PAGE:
Think you know the pain of a deadline?

I’m sitting here fist-pumping and whooping my joy (quietly - I’m the only one of the household awake). Why the joy? A brilliant creative writing project is getting the praise it’s due. The Coop Times is not mine. So, why do I care? Read on. If you’ve ever known the pain of a deadline – you will care too.

Reasons to be excited

I’m so excited because former texture intern Adam Carr has just launched publicly a little something called The Coop Times. I’m excited for these important reasons:

  1. I can finally talk about the game I had so much fun playing a few weeks ago at the LinebreakCollective launch

  2. Writers from the Washington Post and Kill Screen Daily have played and praised it.

  3. This came out of the Illawarra.

And a fourth reason: I told him so.*

The Coop Times

The Coop Times is not for the fainthearted: it’s an accurate feeling of the pressure you feel when a deadline is approaching or, as the game itself puts it:

“[G]ood lord the deadlines are always pressing down. Always. They press and they press and just when you get to feel like you’re gonna die if they squeeze you any tighter, they press some more. You got no choice but to pull through on some lousy last second article on who wore what to which race, ‘cause that’s livin’. Hell, that’s probably why they CALL us the press! Haha.”

If you think that sounds like a 1950s newspaper hack from some kind of nourish pulp fiction, you’re right: you are said newspaper hack, a character hunched in an office with a desk, a typewriter, and a pot plant for company. Even in the classic 2D graphics, he has the look of a guy you just know drinks too much Scotch and smokes too many unfiltered Camels. (In keeping with 1950s newsroom sexism, if you’re a female player you are still this character.)

It’s no wonder Adam can find the language for this kind of deadline pressure: he also runs indie games partnership 2 Hit Studio with his brother Matt Carr (just between you and me, also no stranger to a flash of creative-brain brilliance here or there). Between them they have put in countless hours on game design, artwork, stories and coding to keep pushing out game phases to an enthusiastic group of fans that’s growing in number with each new release or indie games circuit appearance. This is on top of day jobs.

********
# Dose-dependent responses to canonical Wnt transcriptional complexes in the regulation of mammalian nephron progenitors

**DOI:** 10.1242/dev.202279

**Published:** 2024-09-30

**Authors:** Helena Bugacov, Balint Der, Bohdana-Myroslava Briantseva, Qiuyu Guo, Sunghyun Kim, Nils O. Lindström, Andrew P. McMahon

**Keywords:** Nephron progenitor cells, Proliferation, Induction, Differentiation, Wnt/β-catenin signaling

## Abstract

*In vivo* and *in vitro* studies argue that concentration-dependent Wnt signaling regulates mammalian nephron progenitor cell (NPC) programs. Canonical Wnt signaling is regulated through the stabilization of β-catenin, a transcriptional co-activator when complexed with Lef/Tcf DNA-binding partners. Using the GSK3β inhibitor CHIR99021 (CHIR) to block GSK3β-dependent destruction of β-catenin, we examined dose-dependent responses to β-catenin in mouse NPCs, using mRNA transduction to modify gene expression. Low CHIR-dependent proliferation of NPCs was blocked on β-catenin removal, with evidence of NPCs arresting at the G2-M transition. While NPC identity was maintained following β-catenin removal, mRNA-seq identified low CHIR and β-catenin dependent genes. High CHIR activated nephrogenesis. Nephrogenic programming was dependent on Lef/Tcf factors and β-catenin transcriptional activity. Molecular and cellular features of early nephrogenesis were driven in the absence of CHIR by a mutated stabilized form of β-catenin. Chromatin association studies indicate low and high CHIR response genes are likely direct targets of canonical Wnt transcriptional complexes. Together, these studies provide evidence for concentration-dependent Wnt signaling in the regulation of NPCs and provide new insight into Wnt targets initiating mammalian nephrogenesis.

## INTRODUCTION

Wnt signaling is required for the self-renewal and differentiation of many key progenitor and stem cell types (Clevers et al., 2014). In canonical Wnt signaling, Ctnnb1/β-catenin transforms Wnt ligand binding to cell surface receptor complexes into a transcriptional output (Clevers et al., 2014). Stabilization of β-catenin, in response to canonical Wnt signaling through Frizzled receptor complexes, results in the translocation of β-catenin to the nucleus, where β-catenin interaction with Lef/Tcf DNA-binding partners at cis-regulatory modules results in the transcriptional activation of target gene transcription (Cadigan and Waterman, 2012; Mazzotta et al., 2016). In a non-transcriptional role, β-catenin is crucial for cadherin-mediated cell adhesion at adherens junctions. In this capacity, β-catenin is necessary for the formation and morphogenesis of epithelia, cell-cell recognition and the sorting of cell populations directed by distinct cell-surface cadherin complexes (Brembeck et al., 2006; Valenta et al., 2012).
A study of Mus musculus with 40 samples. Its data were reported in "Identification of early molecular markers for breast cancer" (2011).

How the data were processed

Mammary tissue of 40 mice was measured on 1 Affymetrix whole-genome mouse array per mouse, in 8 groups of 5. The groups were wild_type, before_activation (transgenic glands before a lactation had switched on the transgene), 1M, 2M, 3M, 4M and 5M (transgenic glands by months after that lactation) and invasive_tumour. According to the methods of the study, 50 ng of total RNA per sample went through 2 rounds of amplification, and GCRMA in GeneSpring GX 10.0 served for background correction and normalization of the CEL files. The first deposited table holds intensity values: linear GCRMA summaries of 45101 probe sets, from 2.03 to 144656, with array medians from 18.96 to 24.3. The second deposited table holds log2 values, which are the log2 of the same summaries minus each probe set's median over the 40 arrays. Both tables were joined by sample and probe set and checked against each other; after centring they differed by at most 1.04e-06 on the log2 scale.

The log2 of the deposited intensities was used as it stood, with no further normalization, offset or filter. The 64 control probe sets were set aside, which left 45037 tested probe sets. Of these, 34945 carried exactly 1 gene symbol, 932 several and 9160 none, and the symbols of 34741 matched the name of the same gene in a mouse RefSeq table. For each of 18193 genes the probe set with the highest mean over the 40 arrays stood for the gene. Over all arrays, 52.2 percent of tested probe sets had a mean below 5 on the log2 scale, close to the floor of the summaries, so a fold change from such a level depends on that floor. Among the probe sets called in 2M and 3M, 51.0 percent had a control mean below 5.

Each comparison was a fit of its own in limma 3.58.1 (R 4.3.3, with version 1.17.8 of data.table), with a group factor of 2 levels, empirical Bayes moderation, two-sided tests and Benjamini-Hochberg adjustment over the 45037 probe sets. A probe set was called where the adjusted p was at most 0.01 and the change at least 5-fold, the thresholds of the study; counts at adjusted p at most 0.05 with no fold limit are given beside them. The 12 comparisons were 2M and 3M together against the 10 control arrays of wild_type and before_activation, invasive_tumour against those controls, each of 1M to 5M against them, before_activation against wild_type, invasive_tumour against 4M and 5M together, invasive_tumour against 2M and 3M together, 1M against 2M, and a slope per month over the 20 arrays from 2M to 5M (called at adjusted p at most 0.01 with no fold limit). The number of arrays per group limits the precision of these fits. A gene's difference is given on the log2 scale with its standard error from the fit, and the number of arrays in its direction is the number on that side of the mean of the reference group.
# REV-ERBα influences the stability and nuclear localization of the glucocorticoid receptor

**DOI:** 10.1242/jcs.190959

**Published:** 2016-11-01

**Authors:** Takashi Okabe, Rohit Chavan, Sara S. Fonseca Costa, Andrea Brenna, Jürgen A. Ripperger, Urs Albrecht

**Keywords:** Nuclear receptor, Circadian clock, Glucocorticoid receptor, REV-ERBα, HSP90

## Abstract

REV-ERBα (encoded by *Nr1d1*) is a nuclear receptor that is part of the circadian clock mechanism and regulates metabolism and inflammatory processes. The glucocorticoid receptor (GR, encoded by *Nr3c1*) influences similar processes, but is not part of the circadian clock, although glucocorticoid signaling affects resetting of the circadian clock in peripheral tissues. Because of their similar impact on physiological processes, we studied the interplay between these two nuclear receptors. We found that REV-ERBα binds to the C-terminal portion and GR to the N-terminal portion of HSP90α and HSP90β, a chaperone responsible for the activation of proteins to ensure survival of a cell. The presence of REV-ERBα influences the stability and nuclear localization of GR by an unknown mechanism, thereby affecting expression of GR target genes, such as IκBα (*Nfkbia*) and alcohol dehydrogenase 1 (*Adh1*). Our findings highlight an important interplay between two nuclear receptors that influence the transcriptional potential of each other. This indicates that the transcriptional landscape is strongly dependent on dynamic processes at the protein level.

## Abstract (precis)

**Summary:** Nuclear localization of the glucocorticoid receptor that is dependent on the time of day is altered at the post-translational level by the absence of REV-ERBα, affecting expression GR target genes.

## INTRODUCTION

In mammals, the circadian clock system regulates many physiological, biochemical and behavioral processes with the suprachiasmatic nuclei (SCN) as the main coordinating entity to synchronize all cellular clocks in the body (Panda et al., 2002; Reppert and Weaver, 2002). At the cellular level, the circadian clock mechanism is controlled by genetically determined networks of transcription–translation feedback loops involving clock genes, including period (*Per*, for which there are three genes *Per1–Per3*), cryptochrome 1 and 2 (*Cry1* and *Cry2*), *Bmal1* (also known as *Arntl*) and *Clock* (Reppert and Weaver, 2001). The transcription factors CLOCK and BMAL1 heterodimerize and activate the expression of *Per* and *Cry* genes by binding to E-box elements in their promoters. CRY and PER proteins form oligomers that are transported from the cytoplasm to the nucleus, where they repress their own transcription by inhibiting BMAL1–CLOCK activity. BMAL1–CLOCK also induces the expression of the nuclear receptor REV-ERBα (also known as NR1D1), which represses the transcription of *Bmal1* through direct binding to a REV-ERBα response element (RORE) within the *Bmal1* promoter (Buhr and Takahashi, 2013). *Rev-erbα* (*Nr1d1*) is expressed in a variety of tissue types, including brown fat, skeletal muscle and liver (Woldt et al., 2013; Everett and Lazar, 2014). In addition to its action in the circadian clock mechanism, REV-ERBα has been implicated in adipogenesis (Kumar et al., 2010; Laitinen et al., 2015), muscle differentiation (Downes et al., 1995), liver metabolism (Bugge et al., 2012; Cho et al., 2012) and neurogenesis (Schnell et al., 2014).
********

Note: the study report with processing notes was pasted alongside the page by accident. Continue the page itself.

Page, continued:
How to play?

Simple: follow the story prompt on the screen until the descending deadline bar cuts you off. Journalists and contracted writers will recognise the particular breed of pressure this causes. Then you get feedback from the editor. Journalists and contracted writers will recognise the particular breed of pressure this causes.

But I promise it’s fun – and not just because we writers enjoy a bit of masochism. As long as you hit your “fact” targets you can write nonsense. I can vouch for its being an excellent party game, too, as you’re crowded around laughing at each other’s substandard performance and tragic typos. (There’s a particularly cruel quirk to the 1950s “typewriter” you’re working on … you’ll work it out.)

Play it. Share it with your journo and writer friends.

*Faith is a beautiful thing

When I took Adam on as an intern in the second half of 2012 (a paid internship, mainly in editing practice and digital publishing research), I warned him that I believed in him, and that he had more to offer the publishing industry than many graduates of a creative writing degree. As we keep talking and meeting since his internship ended, and I see his agility and flexibility in the face of the digital writing, coding and gaming conundrums I throw at him (aka “projects”), I keep reminding him that he has something really valuable to offer the world by just being more of what he is and making more of what he does. Maybe, with this success, he’s finally starting to believe me.